Anonymous may shift Wikileaks tactics away from DDoS attacks

Computer hackers, thought to be affiliated with the Anonymous group, have turned on a campaign to upload unpublished Wikileaks cables all over the internet.


Computer hackers, thought to be affiliated with the Anonymous group, have organised a campaign to upload unpublished Wikileaks cables all over the internet.

Under a plan called Operation Leakspin, the hackers will attempt to access all of the Wikileaks cables, sift through them and publish the most dramatic ones across the web.

The move may mark a shift in tactics, after hackers reportedly abandoned a planned denial of service attack on Amazon, due to a lack of resources. Amazon became a planned target after it refused to offer cloud services to Wikileaks.

On the social news site, Operation Leakspin is the most popular topic, only five hours after its inception. The users of the site have already dedicated a page to the rafts of cables being exposed by the hour.

Uncovered archives

Many of the most damning cables have already been revealed by newspapers, whose editors have co-ordinated the release with Wikileaks. But the majority of the over 250,000 cables are not yet public.

The cables were sent by US ambassors, and those published so far cover topics ranging from the authorities encouraging spies to track UN delegates, to Middle Eastern nations encouraging military action against Iran.

Major companies have also been targeted this week, with oil giant Shell recorded as boasting it had staff in every major ministry of the Nigerian government, where its business has come under criticism, and drugs firm Pfizer reportedly hiring private investigators to run a smear campagin that could help block a serious court case about trials of its drugs on African children.

Both companies deny the accusations.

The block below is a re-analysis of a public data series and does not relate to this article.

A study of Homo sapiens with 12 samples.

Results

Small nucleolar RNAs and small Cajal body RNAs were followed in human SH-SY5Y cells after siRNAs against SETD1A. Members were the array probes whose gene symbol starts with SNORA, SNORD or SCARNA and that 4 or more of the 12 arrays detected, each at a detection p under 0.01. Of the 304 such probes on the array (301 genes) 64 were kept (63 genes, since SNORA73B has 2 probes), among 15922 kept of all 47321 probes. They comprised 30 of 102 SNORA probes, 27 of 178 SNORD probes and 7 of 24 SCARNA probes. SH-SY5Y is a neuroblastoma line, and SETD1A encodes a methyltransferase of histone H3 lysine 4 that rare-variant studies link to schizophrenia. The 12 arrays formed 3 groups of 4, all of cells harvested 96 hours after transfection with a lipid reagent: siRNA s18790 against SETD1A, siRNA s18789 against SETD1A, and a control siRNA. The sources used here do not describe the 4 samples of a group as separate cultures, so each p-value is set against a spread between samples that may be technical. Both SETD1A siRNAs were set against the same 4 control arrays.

A poster for the plan urges hackers to “post snippets of the leaks everywhere”, including on fan forums, news sites and YouTube videos. Anonymous spokespeople have not officially claimed responsibility for the plan.

The poster urges hackers to use “misleading tags”, including ‘Tea Party’ and ‘Justin Bieber’, to make sure people click on the links and access the stories.

“We have, at best, given them a black eye,” said the campaigners, referring to steps that hit Visa and Mastercard payments, and to the hacking of websites run by vocal opponents to Wikileaks including US politicians Sarah Palin and Joe Lieberman.

The campaigners added that “the game has changed... so too must our strategies”.

Disruption caused to businesses such as Visa and PayPal who have refused to work with Wikileaks has received extensive media coverage, although some have argued that the campaign has acheived little besides causing annoyance.

Wikileaks’ founder, Julian Assange, who is currently held in custody in Wandsworth prison, has sought to publicly distance the organisation from the attacks. However, a Wikileaks spokesperson said yesterday: “We believe [the attacks] are a reflection of public opinion on the actions of the targets.”